CRB releases findings on police brutality investigation

The Citizen Review Board recently released their findings on a complaint filed by Adam C’DeBaca and Risa Cantu C’DeBaca, two organizers with the ANSWER Coalition. The complaint, the first to be filed with the city’s recently revised CRB, stemmed from an assault that was part of the police and Mayor’s attack on the Occupy Syracuse encampment on Jan. 19.

Risa and Adam had been at the Occupy Syracuse site from approximately 1:00 am to 3:00 am on Jan. 19 for a shift to guard the encampment from the impending assault by the Mayor and police.

Shortly after their shift ended, they received word that police were moving in on the camp. About 30 cops, along with a bulldozer and dump truck, showed up to evict the peaceful protesters at 3:40am.

Risa and Adam rushed back to the site upon hearing the news. They parked their car in the lot behind the encampment, entering on Clinton St., parking about seven spaces into the lot.  As they began to walk towards the scene a cop yelled at them to “stop!” They then backtracked around a sedan next to their car in an effort to clear the area. The cop screamed “I told you to stop!”

At this point, the cop attacked Risa and Adam, running toward them, grabbing them and throwing them up against the sedan. The cop violently held both of their arms. Adam said “We are not resisting.” Risa screamed “You are hurting me! Stop! You are hurting my arm!”

After several seconds, Adam asked “Are you detaining us, or are we free to go?” Upon hearing these words, the cop let both Adam and Risa go. The cop twisted Risa’s arm so forcefully that his nails dug into her skin which, despite several layers of winter clothing, left a mark.

CRB findings sustain police misconduct charges but don't resolve excessive force charges

The CRB reviewed the two allegations brought forth against the Syracuse Police Department. The allegation against the SPD for misconduct was sustained by the CRB. The CRB panel found “a lack of truthfulness” in the statements made by the police officer and sergeant involved. In other words, the police were caught lying about what happened.

The allegation of excessive force against the police officer who attacked Risa and Adam, however, was not sustained. According to a letter mailed to the complainants, the CRB found that the allegation “could not be resolved because of insufficient evidence.”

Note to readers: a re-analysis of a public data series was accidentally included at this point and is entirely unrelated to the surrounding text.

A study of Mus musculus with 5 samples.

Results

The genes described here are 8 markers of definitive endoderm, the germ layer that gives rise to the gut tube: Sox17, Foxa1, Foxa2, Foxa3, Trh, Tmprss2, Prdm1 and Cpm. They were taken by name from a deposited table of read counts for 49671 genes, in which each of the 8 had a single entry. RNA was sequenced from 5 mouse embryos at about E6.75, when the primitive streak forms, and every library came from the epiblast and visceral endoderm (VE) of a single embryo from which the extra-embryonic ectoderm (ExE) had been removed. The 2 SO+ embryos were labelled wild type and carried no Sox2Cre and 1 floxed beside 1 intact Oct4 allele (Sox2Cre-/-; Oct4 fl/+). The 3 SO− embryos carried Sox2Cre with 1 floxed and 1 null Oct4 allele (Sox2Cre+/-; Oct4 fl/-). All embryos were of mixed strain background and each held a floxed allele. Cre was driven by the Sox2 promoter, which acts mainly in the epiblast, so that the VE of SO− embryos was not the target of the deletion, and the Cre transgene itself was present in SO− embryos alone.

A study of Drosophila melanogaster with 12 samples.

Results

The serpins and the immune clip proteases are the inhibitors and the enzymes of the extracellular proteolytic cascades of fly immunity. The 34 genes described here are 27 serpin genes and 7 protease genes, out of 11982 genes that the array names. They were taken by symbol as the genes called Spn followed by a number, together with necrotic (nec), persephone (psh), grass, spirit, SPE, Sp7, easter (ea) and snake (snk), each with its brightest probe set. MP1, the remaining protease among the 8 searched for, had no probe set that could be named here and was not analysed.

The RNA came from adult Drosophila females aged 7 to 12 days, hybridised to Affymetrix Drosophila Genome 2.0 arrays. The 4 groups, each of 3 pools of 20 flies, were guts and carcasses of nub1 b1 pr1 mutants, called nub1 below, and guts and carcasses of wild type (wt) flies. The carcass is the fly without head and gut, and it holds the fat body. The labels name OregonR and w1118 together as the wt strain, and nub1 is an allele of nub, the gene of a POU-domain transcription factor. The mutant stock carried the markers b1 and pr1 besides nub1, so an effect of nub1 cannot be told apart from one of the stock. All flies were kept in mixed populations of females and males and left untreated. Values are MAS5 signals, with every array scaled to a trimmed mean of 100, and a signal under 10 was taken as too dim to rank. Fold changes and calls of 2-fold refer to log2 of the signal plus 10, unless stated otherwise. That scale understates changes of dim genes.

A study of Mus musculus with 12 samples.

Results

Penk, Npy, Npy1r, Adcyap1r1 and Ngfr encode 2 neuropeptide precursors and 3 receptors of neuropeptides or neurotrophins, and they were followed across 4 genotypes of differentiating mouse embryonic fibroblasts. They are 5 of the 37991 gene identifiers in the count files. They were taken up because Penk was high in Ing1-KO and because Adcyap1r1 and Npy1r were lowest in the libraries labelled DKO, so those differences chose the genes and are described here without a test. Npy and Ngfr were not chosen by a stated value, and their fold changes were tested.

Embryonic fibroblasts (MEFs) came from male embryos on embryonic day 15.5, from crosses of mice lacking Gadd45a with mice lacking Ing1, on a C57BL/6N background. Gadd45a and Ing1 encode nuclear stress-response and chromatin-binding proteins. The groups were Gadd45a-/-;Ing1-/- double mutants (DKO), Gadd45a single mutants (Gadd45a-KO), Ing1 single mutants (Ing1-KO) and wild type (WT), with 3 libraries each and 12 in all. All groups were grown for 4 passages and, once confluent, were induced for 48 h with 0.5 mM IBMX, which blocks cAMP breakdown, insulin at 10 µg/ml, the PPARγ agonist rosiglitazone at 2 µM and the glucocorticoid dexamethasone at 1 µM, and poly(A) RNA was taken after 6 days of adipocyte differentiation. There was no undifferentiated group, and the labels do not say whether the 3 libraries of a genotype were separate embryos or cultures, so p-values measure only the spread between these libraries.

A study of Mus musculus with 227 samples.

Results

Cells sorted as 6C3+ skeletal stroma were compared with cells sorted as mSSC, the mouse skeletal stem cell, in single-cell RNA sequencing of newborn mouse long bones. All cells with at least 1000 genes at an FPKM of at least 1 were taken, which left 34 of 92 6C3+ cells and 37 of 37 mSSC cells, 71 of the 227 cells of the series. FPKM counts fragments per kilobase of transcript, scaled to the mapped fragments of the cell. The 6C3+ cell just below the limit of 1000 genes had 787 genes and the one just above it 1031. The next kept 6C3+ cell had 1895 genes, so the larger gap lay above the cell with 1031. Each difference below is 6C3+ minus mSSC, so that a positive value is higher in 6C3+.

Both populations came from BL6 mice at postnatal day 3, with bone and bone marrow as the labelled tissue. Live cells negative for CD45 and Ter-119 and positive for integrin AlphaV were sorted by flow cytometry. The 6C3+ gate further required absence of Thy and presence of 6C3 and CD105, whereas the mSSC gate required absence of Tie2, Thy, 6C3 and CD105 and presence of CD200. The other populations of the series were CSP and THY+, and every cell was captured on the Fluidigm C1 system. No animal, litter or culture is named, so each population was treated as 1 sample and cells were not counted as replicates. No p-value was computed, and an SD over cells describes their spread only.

Although there were pictures that documented the injuries that Risa sustained during the attack, the issue for the CRB was whether or not Risa and Adam retreated or advanced when they were told by the officer to “stop.” As nothing short of an audiovisual recording could have provided the proof required to verify that Risa and Adam did not advance toward the officer, this particular outcome was not unexpected.

What was unexpected was the CRB’s alleged inability to inform the complainants and the broader public about the specific disciplinary recommendations transmitted from the CRB to the Chief of Police. According to Adam, “This so-called ‘protection’ seems to invalidate the intended public process of the CRB.” The police union, misleadingly called the “benevolent association,” seeks to shield the police from any and all public accountability.

The union, for example, has fought legal battles to protect their internal disciplinary measures, which prevents the public from knowing even the names of brutal and killer cops. This confirms the extent to which the police can harass, beat, maim, and kill working-class and poor people with almost complete immunity.

Adam told ANSWER Syracuse that “Risa and I have stressed repeatedly that our incident was relatively minor in comparison to other incidents of police brutality in Syracuse.” Nonetheless, it’s necessary to fight back against all forms of police violence. The reincarnated CRB itself is the product of a long struggle by the Syracuse community, and it’s up to us to continue to expand the ways that we can defend ourselves and our communities from police violence.